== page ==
For The Mother Of The Bride: Letting Go Gracefully

The beauty and challenge of motherhood is that as tightly as you would like to hold on to your precious one, you continually need to let go.

More than anything, you want to support her and help launch her into the mystery and challenge of marriage. Yet, at times, you find yourself engaging in arguments about trivial topics like seating arrangements or napkin colors. Do you know how common it is to argue about these inanities? And do you know that these arguments are a way to displace the difficult, out of control feelings you are experiencing onto something tangible, something concrete? Because the truth, the painful, inevitable truth, is that you are in a process of letting go. You are letting go of your little girl. You are letting go of your beautiful daughter, watching her loosen ties to her family of origin so that she can begin a family of her own. And letting go is difficult. You want to hold on. You want to keep her safe and protected in your loving embrace. Or at least a part of you does. Change is difficult, and while you fully recognize the necessity of change and you support your daughter's decision to marry, the painful feelings linger.

Sometimes focusing on the externals -- the napkins, the dress, the food -- can temporarily abate the grief, fear, and sense of feeling out of control. In fact, we live in a culture that encourages you to focus on the tangible elements of the big day, helping your daughter plan the "perfect" wedding with the illusory belief that mastering the right details will lead to a meaningful and joyous occasion. This is a false belief because no amount of outer planning will create an atmosphere of support, a secure launching pad, from which your daughter can enter marriage. And this is the point of the wedding: to stand as witness as your daughter and her beloved are wed and to celebrate their new and beautiful union. You are there to hold the space, to support her transformation, and to ensure that the ties are adequately loosened so that she can begin her new life and her new family. This may be easier said than done, especially if your own feelings are not being consciously addressed. For in order to support her, you need to first support yourself. One way to do this is to take some time to ask yourself important questions.

Hopefully, your daughter has been attending to her own transformation by addressing the various emotions that this rite of passage has activated. Similarly, the more time you take to become a "conscious mother of the bride," the better prepared you will be to guide her into this next phase of life. To become conscious does not mean that you cease to feel loss or sadness around this time; on the contrary, it means that instead of deflecting these emotions onto the planning, you let them in, make room for them in your life, and find the support that you need so that you can be a support for your daughter.

Becoming conscious also means that you recognize the tendency to displace your feelings onto the planning. For example, one mother dreamed three weeks before the wedding that she had "lost her puppy." Another held onto her daughter's wedding dress until that last possible moment, refusing to return it to her until just moments before the wedding. Another refused to send the invitations. These mothers recognized after the event that the external objects were symbolic of the loss -- that holding onto the dress was like holding onto her daughter. They wished they had had the awareness during the engagement to place their feelings in an appropriate place, as it would have saved them a lot of needless arguing. Are you aware of how elements of the planning have come to represent ways of holding onto your daughter?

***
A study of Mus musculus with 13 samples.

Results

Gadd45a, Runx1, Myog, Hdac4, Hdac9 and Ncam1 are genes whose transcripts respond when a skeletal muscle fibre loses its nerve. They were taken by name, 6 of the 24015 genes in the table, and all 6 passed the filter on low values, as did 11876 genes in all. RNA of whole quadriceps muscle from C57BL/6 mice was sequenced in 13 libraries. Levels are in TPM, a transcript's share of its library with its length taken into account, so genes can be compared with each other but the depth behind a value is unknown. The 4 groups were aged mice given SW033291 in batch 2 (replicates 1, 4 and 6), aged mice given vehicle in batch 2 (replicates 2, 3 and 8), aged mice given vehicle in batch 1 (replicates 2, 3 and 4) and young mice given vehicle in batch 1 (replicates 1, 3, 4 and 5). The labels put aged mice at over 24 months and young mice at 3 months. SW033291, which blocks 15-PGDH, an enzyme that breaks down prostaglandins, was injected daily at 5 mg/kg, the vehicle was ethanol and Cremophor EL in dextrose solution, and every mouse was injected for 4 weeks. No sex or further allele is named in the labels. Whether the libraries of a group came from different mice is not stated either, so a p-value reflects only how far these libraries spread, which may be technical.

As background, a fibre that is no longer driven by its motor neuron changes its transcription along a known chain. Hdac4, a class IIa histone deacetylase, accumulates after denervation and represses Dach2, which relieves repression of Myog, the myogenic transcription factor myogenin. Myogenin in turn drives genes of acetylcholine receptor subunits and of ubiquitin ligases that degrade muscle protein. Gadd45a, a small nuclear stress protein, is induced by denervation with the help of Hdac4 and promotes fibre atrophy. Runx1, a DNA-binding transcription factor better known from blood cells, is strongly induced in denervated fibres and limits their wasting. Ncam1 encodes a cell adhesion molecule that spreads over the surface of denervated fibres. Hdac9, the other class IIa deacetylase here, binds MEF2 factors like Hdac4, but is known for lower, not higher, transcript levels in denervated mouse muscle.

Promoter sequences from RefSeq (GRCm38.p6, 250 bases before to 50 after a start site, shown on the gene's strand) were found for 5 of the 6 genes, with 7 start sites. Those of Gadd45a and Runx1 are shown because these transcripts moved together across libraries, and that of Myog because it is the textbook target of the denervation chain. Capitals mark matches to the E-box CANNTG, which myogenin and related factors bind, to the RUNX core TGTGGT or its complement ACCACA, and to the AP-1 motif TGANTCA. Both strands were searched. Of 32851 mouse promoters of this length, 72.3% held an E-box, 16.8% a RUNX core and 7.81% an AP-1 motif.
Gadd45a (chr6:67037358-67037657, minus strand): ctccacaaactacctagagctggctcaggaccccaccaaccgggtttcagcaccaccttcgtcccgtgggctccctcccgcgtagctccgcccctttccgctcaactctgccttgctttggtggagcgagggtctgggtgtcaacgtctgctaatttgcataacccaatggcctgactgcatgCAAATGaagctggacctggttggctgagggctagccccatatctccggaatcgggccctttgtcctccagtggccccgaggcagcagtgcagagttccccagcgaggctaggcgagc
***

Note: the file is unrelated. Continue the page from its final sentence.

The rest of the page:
Furthermore, becoming conscious means that you recognize that not only is the wedding clearly a rite of passage for the bride, but it is also a rite of passage for the mother of bride. A daughter's wedding is often a time when the mother faces her own mortality and realizes that she is moving into the next phase of life. Jungian psychoanalyst Marion Woodman talks about the three phases of a woman's life: maiden, mother, elder. When a woman marries, she is letting go of her identity of maiden and moving toward mother. When a daughter marries, her mother is letting go of her identity of mother and moving toward the next identity. How do these statements resonate for you? Are you aware that you may be moving into a new phase of life? What feelings does this elicit?

It takes courage and wisdom to become a conscious mother of the bride. It requires going against the grain of our culture that tells you that the good mother is one who attends to the external details of the wedding with grace, exquisite taste, and equanimity. While it may be important to your daughter that you help her with the planning, I assure you that it is infinitely more important to her that you are a source of emotional support during this time. And sometimes being supportive means stepping back and watching your daughter develop wings of her own. Just as you had to let go and watch her fall when she learned to walk, so now you must let go and watch her begin a new life, knowing she will fall, knowing that this represents a goodbye of sorts, and also knowing that nothing in this world can sever the bond between mother and daughter.

You are both on a profound journey. You can either alienate each other by arguing about trivial details and engaging in power struggles, or you can strengthen your bond by acknowledging your separateness and grieving the loss, thereby allowing the unique beauty of your relationship to shine through during one of the highest times of a human life. Many blessings to you on your journey.